Are We Seeing a Trend in Prices for eBook Best-sellers Going Up?
The best-selling eBooks of recent weeks have shown an interesting trend for what readers are willing to pay for eBooks that appear on the best-seller lists. By my calculations these best-selling eBooks of the past few weeks were selling for an average of approximately $7.60 which is significantly higher than the average for best-sellers in previous months.
This is significant as the price of eBooks has been a hugely debated topic. Some say that because they are digital products and have lower costs to production that they should be a lot cheaper to buy. They are in fact a lot cheaper than printed books. In Australia printed books will often sell for prices well beyond the $30 mark. Hence the closure of many of the major bookstores as readers become more savvy and confident in buying online.
In tracking the prices of best-sellers I have noticed a gradual increase in the last six months from around the $5 price point to now surpassing the $7 mark. It is probably too early to call it a trend as we will need to monitor prices over a 12 month period. However, it does show that customers are willing to pay this price for an eBook. Yes, they are best-sellers and they are eBooks from well-known authors.
Self-published authors have traditionally priced their eBooks lower, often starting out at the .99 cent price mark. Many recommend the $2.99 or $3.99 price for a self-published eBook but never over the $7 mark. These eBooks priced over the $7 mark are often published through publishers. Yet, we see eBooks from self-published authors such as Hugh Howey and Amanda Hocking achieving the same success. So why should their best-selling eBooks be priced lower? Maybe as a self-published author they chose this price which is their right.
The rise of self-publishing appeared to cause a drop in the prices of eBooks over the past few years year which is not ideal for authors as it reduces what we take home. We put a lot of effort into writing an eBook and should be rewarded appropriately. This recent increase in the price of eBooks, even though they are best-sellers, is one we all hope will continue for fair value. Ofcourse selling your first eBook for a low price to establish yourself and get your eBook in front of those readers who buy in this price range can be used as a marketing technique.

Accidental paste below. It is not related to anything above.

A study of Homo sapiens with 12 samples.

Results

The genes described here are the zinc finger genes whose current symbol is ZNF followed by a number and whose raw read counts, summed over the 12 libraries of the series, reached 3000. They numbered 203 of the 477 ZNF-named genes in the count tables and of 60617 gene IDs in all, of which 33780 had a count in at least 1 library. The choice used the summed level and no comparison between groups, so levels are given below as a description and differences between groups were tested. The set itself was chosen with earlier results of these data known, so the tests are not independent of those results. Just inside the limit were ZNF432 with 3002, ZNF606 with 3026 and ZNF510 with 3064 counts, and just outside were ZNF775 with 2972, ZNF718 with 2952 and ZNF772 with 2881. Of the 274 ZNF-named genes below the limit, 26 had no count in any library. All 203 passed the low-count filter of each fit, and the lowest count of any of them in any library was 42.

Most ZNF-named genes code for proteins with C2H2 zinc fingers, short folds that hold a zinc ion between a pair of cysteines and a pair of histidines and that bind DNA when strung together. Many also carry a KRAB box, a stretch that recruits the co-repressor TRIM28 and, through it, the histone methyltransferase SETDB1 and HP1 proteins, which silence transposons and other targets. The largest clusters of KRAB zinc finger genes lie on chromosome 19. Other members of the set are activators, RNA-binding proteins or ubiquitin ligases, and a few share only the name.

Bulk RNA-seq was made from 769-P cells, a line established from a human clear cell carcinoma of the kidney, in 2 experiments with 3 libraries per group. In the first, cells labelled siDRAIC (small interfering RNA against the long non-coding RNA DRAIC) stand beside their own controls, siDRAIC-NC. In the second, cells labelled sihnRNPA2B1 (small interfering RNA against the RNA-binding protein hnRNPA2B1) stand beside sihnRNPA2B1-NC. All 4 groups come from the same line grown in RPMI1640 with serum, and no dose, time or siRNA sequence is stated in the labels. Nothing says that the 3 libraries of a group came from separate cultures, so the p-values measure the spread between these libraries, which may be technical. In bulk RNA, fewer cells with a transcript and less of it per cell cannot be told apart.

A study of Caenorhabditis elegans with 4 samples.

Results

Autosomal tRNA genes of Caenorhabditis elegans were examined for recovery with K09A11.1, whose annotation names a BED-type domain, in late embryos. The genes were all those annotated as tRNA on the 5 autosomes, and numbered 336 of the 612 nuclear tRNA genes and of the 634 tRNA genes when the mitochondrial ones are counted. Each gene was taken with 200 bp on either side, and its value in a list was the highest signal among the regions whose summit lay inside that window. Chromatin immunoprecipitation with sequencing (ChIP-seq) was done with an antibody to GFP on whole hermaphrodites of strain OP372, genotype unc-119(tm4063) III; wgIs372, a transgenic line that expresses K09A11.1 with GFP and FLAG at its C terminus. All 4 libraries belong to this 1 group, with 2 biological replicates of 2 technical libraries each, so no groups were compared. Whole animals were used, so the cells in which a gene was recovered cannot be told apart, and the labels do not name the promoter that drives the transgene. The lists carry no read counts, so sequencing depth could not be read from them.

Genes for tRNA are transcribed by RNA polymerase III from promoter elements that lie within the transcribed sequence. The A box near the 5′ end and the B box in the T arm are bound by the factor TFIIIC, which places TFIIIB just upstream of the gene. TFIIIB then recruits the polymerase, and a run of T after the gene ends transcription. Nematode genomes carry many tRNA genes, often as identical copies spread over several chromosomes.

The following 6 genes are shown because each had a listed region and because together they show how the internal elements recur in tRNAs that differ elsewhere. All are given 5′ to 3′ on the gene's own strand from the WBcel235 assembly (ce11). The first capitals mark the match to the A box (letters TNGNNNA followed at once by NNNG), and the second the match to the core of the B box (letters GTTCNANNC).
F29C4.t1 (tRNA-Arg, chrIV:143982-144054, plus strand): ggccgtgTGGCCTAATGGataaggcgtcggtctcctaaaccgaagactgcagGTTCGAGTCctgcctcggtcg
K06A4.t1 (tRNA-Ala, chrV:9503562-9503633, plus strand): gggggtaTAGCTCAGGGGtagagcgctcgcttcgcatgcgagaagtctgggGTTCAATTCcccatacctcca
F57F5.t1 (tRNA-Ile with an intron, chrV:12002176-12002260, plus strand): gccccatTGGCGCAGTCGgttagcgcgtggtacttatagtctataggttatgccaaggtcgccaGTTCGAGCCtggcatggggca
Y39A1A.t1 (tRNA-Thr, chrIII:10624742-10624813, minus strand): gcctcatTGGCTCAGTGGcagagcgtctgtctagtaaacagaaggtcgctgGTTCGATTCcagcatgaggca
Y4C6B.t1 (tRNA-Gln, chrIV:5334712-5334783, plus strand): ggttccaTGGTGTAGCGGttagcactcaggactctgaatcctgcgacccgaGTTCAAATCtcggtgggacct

This eBook pricing debate poses the question; Have self-published authors pushed the prices for eBooks down? Has this expectation also pushed down the prices for eBooks by authors who are represented by a major publisher?
I would pose the question of; Why is there still a difference in the prices of eBooks between those authors who self-publish and those who have contracts with publishers? We have seen numerous self-published authors produce quality best-selling eBooks.
I believe that the positive recognition now garnered by self-published authors will provide these authors with the opportunity to also price their best-selling eBooks at an equivalent price to their traditionally published fellow authors. It will still take some time for this ‘equilibrium’ to occur but it is happening. And self-published authors who become best-sellers can help this along by raising their prices where and when appropriate. Ofcourse, we constantly tell authors that they have the control and power to price their eBook at whatever price they choose. I can foresee that soon best-selling self-published authors will also recognize the importance of pricing their eBook at the appropriate and deserved price such as the $7 mark.
To clarify my point, authors should have the right to choose the price for their eBook whether it is $0.99 or $99. The market will dictate if it is fair value.